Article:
5 reasons why mutual funds have tanked up on banking stocks
In a recent survey conducted by Moody’s Investor Service, 70 percent of market participants pooled said that India’s banking system was the most vulnerable in South Asia. Stress in the banking system has made headlines for over three years now. Analysts, experts, and economists have all predicted doomsday which has not yet come. However, to be fair to experts the balance sheet numbers of the banks have continuously deteriorated in most of the cases.
Despite the red flags staring at most Indian banks, mutual fund managers do not seem to bother about them. Reports say that the allocation to the banking sector by mutual funds has reached an all-time high of Rs 1.47 lakh crore at the end of June.
Why would funds like to invest in banks which everyone fears will implode? Here are five reasons we think banks are on mutual funds’s radar.
- Valuation: Given the current valuation in markets, very few sectors offer a good risk-reward bet. With Nifty over 10,000 and market price-to-earnings in the top quadrant, there are few sectors and stocks that offer value. While Bank Nifty has touched a new high of 25,030, there are stocks in the sector, especially in the public sector space, that offers better valuation but higher risk.
- Liquidity: Mutual funds in India are witnessing heavy inflows. New investors and higher investment through systematic investment plan (SIP) is compelling mutual funds to take more risks. Despite record investments in the banking sector, mutual funds are still sitting on cash levels of 5.7 percent on an aggregate basis. Some funds have cash positions ranging between 8-18 percent. Peer pressure and rising markets compel them to invest.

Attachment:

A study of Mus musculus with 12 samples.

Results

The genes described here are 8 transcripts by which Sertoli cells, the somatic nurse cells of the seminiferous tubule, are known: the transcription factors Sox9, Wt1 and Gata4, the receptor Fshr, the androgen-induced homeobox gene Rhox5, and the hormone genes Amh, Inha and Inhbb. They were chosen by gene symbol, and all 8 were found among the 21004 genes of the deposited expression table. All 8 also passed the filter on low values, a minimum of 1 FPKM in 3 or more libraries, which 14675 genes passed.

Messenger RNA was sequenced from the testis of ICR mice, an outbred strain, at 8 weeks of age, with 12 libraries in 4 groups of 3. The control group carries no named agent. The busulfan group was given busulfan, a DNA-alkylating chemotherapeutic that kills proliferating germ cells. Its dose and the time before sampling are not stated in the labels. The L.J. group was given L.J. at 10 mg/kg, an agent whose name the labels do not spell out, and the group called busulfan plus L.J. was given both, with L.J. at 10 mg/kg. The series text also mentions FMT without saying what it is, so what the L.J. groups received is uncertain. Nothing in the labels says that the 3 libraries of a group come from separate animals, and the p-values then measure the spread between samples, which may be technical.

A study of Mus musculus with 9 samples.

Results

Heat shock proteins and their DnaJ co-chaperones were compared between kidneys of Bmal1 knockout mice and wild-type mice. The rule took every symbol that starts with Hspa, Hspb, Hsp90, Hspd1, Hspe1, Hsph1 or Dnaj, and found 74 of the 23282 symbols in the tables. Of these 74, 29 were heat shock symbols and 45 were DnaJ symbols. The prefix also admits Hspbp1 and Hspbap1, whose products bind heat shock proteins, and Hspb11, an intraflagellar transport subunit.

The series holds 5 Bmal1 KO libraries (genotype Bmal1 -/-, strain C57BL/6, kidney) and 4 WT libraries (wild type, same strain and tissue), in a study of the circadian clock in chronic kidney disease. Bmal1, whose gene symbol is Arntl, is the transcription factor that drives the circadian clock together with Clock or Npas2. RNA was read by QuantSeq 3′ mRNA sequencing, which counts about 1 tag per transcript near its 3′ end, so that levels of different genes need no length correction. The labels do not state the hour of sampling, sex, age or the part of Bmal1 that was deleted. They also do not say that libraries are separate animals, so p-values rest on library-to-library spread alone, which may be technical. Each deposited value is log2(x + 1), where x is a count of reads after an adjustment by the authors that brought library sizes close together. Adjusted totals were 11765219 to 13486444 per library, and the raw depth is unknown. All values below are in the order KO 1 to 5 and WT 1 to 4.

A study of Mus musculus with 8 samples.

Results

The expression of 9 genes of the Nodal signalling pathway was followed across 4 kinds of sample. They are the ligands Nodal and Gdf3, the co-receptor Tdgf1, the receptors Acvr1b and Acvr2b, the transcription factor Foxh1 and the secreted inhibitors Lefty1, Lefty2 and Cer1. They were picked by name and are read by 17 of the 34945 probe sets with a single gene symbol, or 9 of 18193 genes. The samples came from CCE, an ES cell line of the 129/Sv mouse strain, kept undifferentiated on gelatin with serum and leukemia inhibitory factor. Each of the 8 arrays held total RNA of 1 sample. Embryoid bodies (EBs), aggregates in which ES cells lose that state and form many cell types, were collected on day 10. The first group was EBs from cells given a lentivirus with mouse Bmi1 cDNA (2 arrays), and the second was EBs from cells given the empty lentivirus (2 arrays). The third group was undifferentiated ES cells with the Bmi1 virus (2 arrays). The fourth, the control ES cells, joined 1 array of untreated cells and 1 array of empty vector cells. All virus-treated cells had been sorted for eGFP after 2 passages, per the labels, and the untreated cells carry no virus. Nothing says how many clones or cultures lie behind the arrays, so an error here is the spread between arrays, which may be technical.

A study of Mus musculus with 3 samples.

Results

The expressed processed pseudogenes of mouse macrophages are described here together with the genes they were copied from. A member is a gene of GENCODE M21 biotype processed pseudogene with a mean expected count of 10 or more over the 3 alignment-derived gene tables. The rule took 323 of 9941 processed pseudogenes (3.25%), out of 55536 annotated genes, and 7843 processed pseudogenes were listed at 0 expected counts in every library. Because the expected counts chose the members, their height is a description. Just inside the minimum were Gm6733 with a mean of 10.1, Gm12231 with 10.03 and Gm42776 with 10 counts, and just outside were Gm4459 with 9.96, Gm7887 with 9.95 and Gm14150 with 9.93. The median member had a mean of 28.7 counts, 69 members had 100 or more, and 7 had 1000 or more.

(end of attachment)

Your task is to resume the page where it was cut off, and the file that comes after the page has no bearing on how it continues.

- Index weightage: One parameter that every fund manager is ranked on is his performance with respect to the index. As weightage of banking stock in the index is high at near 30 percent, fund managers are compelled to buy banking stocks in order to be close to the index performance.
- Too precious to fail: Though asset qualities of most banks are questionable these banks are all too big to fail. For the government and the central bank, it will be very embarrassing to allow a bank to fail. Both the central bank and the government have been trying to recapitalise banks, tweaking the rule books, bringing in new schemes to help banks clean up their books. Bankruptcy law is now cleared and cases are registered. This is expected to go a long way in recovery and solving the problem with bigger non-performing assets. Apart from these measures, the government has also initiated merging of weaker banks with the stronger ones, in turn, creating a bigger and stronger bank.
- Proxy for growth: The banking sector has traditionally been considered as a proxy for the economy. Every activity in the economy requires money. Banking sector credit growth has historically been between 2-2.5 times GDP growth. However, with the toxic asset problems and other sources of non-banking finance available in the market, the ratio has fallen to nearly 1.6 times the GDP. This ratio is expected to improve as banks start lending again in line with the growth in the economy.